Narrow lead: Xander Schauffele was in superb form at TPC Sawgrass (Getty Images)
Narrow lead: Xander Schauffele was in superb form at TPC Sawgrass (Getty Images)

Xander Schauffele will take a one-shot lead into the final day of the 2024 Players Championship.

A bogey-free third round of 65 on Saturday at TPC Sawgrass saw the American move onto 17-under par for the tournament, leaving him one stroke clear of reigning US Open champion Wyndham Clark.

Open winner Brian Harman is a further shot back, while Matt Fitzpatrick is battling to become the first-ever English winner of golf’s unofficial fifth major as he sits on 13-under along with Maverick McNealy and one ahead of both world No1 Scottie Scheffler and Sahith Theegala.

Clark - who was four ahead of Schauffele and Canada's Nick Taylor overnight at 14-under par - started his round by digging out of the rough to make a birdie.

However, Olympic champion Schauffele continued to chase him down, sinking a 14-foot birdie on the sixth to close within two shots which was down to just one stroke at the turn.

After Clark found the water off the 12th tee before saving par, Schauffele capitalised with yet another birdie and then made a 58-foot putt at the 14th which saw him take a one-shot lead.

Clark, though, landed a 30-foot birdie on the par-five 16th to level things up again before finding the water at the 17th and opting to take another off the tee rather than a drop, which saw him make a four and so give Schauffele a one-shot lead heading to the 18th.

Schauffele tapped in his par for a superb 65, while Schauffele was two-under for the day with his 70 for a 17-under total.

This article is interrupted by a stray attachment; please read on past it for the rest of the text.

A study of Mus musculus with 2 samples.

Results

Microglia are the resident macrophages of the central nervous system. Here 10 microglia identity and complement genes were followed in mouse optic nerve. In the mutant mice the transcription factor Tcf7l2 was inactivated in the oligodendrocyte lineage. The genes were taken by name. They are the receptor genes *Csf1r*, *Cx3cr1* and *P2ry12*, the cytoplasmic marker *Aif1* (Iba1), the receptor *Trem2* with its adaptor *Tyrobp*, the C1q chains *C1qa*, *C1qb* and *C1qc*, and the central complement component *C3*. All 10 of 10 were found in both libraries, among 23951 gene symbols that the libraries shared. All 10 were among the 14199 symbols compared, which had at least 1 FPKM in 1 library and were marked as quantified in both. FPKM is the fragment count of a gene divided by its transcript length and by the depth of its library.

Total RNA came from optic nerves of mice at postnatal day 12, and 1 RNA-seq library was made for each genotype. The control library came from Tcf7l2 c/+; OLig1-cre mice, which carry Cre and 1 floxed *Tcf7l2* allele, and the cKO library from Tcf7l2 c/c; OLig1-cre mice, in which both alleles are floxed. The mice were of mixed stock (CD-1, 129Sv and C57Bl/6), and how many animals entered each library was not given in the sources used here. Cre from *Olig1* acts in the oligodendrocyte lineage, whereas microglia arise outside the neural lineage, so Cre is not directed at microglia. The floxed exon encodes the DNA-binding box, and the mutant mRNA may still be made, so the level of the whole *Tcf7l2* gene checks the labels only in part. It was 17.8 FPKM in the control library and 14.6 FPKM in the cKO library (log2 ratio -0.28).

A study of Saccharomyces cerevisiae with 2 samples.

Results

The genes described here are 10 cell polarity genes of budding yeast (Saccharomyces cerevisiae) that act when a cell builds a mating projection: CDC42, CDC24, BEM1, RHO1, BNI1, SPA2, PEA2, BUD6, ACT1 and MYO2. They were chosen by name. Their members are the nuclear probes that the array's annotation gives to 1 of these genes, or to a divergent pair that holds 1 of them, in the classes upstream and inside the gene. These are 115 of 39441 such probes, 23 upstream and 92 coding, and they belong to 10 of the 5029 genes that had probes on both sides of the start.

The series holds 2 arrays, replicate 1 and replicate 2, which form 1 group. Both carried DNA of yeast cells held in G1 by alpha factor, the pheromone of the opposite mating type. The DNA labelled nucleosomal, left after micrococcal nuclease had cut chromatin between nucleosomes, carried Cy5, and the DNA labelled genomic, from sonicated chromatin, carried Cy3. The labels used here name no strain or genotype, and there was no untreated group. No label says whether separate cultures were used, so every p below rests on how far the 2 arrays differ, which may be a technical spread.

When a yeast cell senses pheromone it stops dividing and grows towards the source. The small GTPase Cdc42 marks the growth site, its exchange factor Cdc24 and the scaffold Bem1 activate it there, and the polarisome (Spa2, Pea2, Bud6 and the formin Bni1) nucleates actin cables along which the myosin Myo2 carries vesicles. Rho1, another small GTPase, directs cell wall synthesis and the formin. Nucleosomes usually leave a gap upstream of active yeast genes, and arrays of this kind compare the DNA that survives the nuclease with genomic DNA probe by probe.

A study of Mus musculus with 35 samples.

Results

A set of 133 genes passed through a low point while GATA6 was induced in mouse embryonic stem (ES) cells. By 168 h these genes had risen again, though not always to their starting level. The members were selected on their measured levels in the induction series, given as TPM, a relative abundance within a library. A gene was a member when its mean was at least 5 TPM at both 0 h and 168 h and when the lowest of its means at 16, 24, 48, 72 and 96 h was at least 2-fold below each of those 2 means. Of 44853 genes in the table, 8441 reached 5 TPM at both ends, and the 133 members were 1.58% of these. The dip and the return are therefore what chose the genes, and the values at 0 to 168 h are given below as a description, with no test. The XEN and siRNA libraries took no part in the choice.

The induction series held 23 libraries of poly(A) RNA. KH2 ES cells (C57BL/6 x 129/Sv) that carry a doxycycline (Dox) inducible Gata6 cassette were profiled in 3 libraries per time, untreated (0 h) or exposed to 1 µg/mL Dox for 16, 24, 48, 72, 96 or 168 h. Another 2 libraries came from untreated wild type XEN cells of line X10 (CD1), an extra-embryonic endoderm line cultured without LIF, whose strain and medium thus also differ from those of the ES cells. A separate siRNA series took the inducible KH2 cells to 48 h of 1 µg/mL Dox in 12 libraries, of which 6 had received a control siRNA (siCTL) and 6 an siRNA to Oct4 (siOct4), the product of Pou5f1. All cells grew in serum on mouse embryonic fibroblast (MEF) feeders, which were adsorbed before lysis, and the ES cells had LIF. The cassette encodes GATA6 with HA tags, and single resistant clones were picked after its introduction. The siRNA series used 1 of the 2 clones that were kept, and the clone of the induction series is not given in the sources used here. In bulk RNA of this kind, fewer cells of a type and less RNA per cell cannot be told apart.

Harman built on a solid start to sign for a 64, the best score of the week so far, as he put himself in contention at 15-under.

Harman found the trees at the par-five ninth, which resulted in him making a six, but he then picked up successive birdies with another from 17 feet on the 14th closing the gap on the lead.

Rory McIlroy's bid for a second Players Championship victory received a late rally with birdies on the final three holes to sign for a 69 and sit at nine-under overall.

The Northern Irishman, who had shared the first-round lead, went into the turn level, but made successive birdies from the 11th - only to then take a six on the 14th after finding the far greenside bunker.

However, three straight birdies from the 16th, when he played out from under the trees, gave the world No2 some hope of making a late charge on Sunday.

Scheffler continued to be troubled by a neck problem as he slipped down the leaderboard after a round of 68.

Scheffler - bidding to become the first player to successfully defend the Players Championship title in its 50-year history - came to Sawgrass on the back of an impressive five-shot win at the Arnold Palmer Invitational.

However, the American had needed treatment from a PGA Tour physio during his second round, and started Saturday with black tape on his neck.

A birdie at the par-five second was followed by a bogey at the fifth before Scheffler recovered another stroke on the next and headed into the turn at one-under.

Scheffler found the water off the tee at the 12th, but recovered to save par and then made three birdies over the closing three holes to keep himself in the hunt at 12-under despite his fitness worries.

Taylor, meanwhile, plummeted down the leaderboard after a bogey on the fourth was followed by a six at the par-four sixth, another at the ninth and then 10th. Although he picked up a couple of shots from the next, yet another bogey on the 18th saw him finish with a four-over 76.

Fitzpatrick recovered from a double bogey on the fourth and another dropped shot two holes later to finish with four birdies on the back nine in his 68.

Fitzpatrick is tied for fourth at 13-under alongside McNealy, who hit a second successive 68, while an eagle on 16 helped Theegala to a 67, which sees him one stroke back in a tie for sixth alongside Scheffler.

Additional reporting by the Press Association.